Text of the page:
For years, safety leaders have been challenged with hitting the goal of zero injuries. Millions of dollars have been spent by leading firms in search of Zero, the "Holy Grail" of safety. Many of these efforts have proved beneficial, and yet many others must be questioned. Some of the finest safety cultures meet the goal of Zero Injuries, only to find that a tragic event shatters Zero, leaving it a hollow memory of what was, but no longer is. Why does this happen?
Is Zero really the right goal or is there a better one that will drive continuous safety improvement? Learn what lies Beyond Zero, and how this is the goal your culture must strive for to not only survive, but also thrive in today's competitive landscape.
Learn about the OSHA position on employee incentive programs
Learn how to comply with OSHA rules and still have an effective reward program
Learn the difference between lagging and leading indicator systems
Learn what builds up and what tears down a workplace safety culture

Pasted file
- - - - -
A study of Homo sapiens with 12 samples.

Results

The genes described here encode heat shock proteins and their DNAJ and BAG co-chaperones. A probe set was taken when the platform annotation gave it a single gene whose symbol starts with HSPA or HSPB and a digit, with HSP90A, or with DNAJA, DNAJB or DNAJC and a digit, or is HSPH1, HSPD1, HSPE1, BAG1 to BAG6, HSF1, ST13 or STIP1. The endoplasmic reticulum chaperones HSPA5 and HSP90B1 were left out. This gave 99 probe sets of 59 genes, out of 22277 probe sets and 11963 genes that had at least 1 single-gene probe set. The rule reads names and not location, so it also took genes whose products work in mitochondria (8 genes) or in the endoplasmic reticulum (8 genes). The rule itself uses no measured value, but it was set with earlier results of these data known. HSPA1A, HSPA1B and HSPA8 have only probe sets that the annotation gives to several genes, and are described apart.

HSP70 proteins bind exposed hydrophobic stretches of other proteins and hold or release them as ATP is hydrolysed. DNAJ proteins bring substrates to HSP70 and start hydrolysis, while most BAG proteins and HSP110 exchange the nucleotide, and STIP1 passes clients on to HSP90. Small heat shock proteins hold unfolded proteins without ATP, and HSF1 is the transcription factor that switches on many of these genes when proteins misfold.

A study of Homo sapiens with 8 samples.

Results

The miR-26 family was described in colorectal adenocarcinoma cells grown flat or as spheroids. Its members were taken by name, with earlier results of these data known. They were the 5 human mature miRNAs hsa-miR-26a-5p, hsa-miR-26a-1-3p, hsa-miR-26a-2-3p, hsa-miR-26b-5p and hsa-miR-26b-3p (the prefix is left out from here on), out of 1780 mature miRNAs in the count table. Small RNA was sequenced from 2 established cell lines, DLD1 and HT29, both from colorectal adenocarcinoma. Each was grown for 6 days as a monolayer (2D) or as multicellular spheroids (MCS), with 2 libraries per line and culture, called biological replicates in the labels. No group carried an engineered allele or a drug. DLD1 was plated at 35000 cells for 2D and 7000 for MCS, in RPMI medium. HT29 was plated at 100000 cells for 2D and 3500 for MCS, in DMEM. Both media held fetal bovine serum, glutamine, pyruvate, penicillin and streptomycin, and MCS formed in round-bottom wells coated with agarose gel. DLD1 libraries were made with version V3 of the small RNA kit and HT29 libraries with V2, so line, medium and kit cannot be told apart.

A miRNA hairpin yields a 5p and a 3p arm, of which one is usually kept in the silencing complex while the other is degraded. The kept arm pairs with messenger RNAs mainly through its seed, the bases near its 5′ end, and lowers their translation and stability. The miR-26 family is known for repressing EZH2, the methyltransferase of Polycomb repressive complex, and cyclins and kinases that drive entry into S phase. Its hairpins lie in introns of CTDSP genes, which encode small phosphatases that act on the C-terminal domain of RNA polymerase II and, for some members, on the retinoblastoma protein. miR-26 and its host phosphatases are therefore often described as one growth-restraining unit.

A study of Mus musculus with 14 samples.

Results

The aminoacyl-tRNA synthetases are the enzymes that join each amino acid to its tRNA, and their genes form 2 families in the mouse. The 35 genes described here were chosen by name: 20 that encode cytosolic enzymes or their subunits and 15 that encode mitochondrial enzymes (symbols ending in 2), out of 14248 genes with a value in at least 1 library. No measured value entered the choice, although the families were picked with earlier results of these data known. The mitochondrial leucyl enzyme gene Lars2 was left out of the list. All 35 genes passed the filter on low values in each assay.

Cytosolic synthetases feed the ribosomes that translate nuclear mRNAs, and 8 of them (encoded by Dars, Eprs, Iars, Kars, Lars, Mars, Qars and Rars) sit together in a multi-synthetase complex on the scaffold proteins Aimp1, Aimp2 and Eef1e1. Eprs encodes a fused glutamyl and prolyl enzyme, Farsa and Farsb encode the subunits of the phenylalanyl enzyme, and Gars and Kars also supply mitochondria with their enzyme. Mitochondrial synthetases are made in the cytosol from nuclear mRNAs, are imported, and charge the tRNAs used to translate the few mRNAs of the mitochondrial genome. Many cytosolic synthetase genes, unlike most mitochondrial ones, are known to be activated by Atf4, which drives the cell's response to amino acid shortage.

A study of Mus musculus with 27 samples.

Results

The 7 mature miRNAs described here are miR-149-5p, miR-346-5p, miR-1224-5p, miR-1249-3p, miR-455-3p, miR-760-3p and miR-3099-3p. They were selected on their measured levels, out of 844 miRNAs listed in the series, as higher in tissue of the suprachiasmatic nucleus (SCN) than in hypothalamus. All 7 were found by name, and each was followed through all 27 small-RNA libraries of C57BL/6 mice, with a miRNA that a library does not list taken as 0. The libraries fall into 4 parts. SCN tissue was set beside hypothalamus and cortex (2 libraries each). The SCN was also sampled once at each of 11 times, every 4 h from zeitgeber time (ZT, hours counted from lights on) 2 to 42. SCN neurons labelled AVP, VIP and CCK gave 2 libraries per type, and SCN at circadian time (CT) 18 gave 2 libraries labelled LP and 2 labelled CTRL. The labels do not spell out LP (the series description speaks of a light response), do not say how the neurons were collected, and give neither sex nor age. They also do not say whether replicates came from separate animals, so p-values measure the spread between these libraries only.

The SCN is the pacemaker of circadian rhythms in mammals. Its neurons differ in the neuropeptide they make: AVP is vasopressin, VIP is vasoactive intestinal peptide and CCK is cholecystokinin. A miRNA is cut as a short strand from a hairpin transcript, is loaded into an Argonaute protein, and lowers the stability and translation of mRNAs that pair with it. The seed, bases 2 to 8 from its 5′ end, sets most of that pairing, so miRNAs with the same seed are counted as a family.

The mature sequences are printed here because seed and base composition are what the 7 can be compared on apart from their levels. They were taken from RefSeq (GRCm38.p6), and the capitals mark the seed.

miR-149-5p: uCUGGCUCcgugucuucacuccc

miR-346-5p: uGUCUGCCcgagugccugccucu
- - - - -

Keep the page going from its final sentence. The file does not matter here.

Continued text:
Recognition plays a significant role in achieving permanent employee behavior change. Traditionally, safety "incentive" programs have based rewards on all employees reaching a benchmark. When rewards are based on everyone succeeding, negative peer pressure can occur, resulting in injury hiding.
Proactive, prevention-oriented reward programs that focus on identifying desirable actions, behaviors and conditions and eliminating unsafe actions, behaviors and conditions effectively produce employee behavior change without the unwanted side-effect of injury hiding. Tangible rewards that are positive, regular and certain reinforce desirable behaviors and conditions, making them more likely to continue and even replace undesirable behaviors and conditions.
There is a fear among safety managers that employee recognition programs create or encourage injury hiding. While it's true that a poorly designed program can lead to injury hiding, this is not a universal truth. As we explore the concepts and strategies behind safety recognition programs, it will become evident that a properly developed safety recognition program can have lasting behavior change benefits without negative results like injury hiding or nepotism.